Marvin Gentry - USA Today Sports

There are fewer things more important in football than converting third downs for an offense and getting stops on third downs for a defense. Failure to do one, or both, of these things drastically swing the time of possession in an unfavorable manner. This was the story of yesterday’s Iron Bowl loss in Auburn, and while the defensive shortcomings can be attributed to many things, one thing in particular should not be overlooked: Jeremy Pruitt’s desire to blitz on almost every play regardless of situation.

Blitzing, inherently, is not a bad thing. In fact, against below average quarterbacks or shoddy offense lines, it can be a key to victory. However, when one of the best defenses in the nation allow a team to go 9-of-18 on third down conversions, it is fair and human nature to want to assess the problems. That problem for Pruitt appears to be his unreasonable blitzing obsession.

Early in yesterday’s contest, Auburn was faced with multiple third-and-long scenarios in Alabama’s territory. Each time, Pruitt sent a blitz. Each time, it did not work. Coincidence? Not even close.

The first, and most obvious, time it failed was on a 3rd-and-6 screen pass to Kerryon Johnson. Alabama predictably, and without trying to disguise it, sent six guys on a blitz leaving Johnson wide open on the right side of the field to pick up a huge first down on their way to a seven-point lead. After an Alabama fumble on the following drive, Auburn was faced with a 3rd-and-5 from the 27-yard-line. Again, Pruitt sent Fitzpatrick on a blitz from his corner spot leaving Hootie Jones with no help on an easy comeback route.

Early in the third quarter, after Alabama had scored and taken the momentum of the game, Pruitt rushed Evans and Harrison – both of which were picked up – leaving a speedy Will Hastings man-to-man on a crossing route. With no help over the top, he was able to turn a two yard catch into a 20 yard gain and once again grabbed the momentum for the home team.

One of the most frustrating plays of the night came on a 3rd-and-5 play from their own 36. Pruitt opted to blitz both inside linebackers – Wilson and Evans – leaving Ryan Davis in man-to-man coverage with Levi Wallace. For as good as Wallace has been this season, man-to-man coverage on slants/crossing routes tend to spell death for a team choosing to blitz. In other words, few would even pick this play in a game of Madden. As he did all day, Davis took the ball and made another big play for his team – this time cashing it in for a 25 yard gain.

On that same drive, Auburn was faced with a 3rd-and-7 in Alabama’s side of the field. This time, Pruitt elected to send Tony Brown on a corner blitz and possibly spy Stidham with Mack Wilson. After a moment’s hesitation, Wilson, too, rushed after Auburn’s quarterback, leaving nobody past the line of scrimmage to make a play should he scramble. So, naturally, he did and picked up nine yards in the process. The blitzing speedster, Tony Brown, was ultimately the one that had to catch up with him.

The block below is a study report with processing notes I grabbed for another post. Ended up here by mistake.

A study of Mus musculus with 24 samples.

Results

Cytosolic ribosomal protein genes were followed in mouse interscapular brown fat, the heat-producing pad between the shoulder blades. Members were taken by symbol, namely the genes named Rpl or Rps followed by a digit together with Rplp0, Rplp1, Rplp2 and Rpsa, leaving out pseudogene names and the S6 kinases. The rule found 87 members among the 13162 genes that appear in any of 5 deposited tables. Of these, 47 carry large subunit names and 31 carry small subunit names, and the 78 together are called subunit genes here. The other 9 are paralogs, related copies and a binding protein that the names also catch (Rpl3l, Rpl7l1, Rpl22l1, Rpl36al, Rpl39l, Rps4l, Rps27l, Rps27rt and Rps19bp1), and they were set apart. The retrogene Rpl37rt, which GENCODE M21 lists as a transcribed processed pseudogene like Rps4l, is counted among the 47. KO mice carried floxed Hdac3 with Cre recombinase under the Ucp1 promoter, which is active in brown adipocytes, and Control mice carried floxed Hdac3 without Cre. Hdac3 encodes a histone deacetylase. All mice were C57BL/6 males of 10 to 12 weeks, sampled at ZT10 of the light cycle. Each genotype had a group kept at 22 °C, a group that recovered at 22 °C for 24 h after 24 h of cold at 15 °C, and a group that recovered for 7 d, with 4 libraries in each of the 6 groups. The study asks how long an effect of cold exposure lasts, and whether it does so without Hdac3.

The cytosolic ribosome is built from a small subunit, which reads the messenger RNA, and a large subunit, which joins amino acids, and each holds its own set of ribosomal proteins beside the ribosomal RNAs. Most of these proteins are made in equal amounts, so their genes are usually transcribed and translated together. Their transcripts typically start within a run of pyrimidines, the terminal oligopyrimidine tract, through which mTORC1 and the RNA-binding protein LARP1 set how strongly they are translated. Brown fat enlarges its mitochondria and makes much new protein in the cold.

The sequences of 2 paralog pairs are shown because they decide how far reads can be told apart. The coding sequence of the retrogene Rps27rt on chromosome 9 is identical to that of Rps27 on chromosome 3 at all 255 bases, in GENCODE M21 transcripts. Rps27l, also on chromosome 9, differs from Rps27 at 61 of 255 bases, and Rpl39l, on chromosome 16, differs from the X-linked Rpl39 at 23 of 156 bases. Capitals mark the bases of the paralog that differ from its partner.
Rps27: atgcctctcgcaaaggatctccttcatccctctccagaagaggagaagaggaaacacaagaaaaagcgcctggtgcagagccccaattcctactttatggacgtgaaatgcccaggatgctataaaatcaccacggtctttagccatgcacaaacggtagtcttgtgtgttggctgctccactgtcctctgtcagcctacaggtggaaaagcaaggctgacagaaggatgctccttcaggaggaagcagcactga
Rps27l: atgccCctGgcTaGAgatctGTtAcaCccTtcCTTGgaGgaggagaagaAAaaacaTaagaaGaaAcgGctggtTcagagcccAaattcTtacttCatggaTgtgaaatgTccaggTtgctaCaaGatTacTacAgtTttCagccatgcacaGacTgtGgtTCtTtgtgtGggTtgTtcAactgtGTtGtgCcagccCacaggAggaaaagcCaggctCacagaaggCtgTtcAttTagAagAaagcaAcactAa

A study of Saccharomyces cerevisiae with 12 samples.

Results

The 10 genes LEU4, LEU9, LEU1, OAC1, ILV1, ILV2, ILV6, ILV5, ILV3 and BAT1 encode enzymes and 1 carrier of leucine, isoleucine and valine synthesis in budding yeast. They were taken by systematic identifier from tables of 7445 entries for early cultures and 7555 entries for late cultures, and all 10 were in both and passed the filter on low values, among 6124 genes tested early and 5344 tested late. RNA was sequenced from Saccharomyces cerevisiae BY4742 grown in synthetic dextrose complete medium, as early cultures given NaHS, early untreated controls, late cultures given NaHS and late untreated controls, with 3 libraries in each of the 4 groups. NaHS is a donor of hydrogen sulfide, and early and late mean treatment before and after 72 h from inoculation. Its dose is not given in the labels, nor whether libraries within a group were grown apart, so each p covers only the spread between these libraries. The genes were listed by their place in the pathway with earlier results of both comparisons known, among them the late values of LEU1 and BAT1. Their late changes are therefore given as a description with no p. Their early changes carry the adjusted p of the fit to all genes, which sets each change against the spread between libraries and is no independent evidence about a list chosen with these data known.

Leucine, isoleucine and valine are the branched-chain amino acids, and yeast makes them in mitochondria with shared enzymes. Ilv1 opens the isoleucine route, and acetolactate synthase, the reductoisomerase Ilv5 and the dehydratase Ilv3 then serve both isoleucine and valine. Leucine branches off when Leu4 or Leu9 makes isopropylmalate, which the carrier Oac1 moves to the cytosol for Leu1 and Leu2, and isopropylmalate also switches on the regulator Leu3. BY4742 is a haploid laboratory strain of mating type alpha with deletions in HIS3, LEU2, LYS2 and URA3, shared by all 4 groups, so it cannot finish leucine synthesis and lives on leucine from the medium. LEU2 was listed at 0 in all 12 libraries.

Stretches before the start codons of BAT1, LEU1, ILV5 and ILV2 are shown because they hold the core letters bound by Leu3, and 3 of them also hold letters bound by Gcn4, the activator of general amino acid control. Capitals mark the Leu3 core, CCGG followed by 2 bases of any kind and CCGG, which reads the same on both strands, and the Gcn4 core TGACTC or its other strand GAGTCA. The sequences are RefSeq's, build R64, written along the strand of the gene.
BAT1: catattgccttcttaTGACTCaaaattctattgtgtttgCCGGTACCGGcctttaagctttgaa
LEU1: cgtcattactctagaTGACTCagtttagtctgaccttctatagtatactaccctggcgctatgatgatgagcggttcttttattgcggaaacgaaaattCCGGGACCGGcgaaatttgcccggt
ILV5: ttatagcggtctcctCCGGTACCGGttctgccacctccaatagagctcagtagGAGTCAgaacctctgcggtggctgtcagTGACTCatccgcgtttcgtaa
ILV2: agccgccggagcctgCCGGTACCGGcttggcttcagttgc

Throughout the rest of the game there were more examples, but the point has been made crystal clear. While Pruitt is far from a bad defensive coordinator, his decision making has been ousted over the last few weeks. On Auburn’s weekly coaching talk show, Gus Malzahn even laid out what he felt about Alabama’s defensive coordinator, whom he lost to in the National Championship game when Pruitt was at Florida State.

“When they played in the national championship game it was a blitz fest…he’s a lot more aggressive this year,” he said. “They’re blitzing a lot more. You’ve got to make them pay when they blitz. If you don’t they’ll keep doing it. They’re pretty good at it. He’s an aggressive mindset guy and does a good job.”

I chose to bold one sentence in that quote, because that is exactly what his Tigers did on Saturday. What made it even more embarrassing was the lack of adjustments as the game went on. Even into the fourth quarter, Pruitt was getting the Tide killed with poorly timed blitzes from everywhere on the field.

To restate it one more time, Jeremy Pruitt is a tremendous defensive coordinator, but his lack of adjustments is a reasonable cause for alarm. The loss of guys like Jonathan Allen, Ryan Anderson, Dalvin Tomlinson, and Tim Williams should – as expected – make a defense look different from a scheme standpoint, but it was more of the same and they failed to play to the strengths of this team. The pass rush not been Alabama’s forte this season, but trying to force one with ill-conceived blitzes is not the way to go, and it may have cost them a chance at the College Football Playoffs.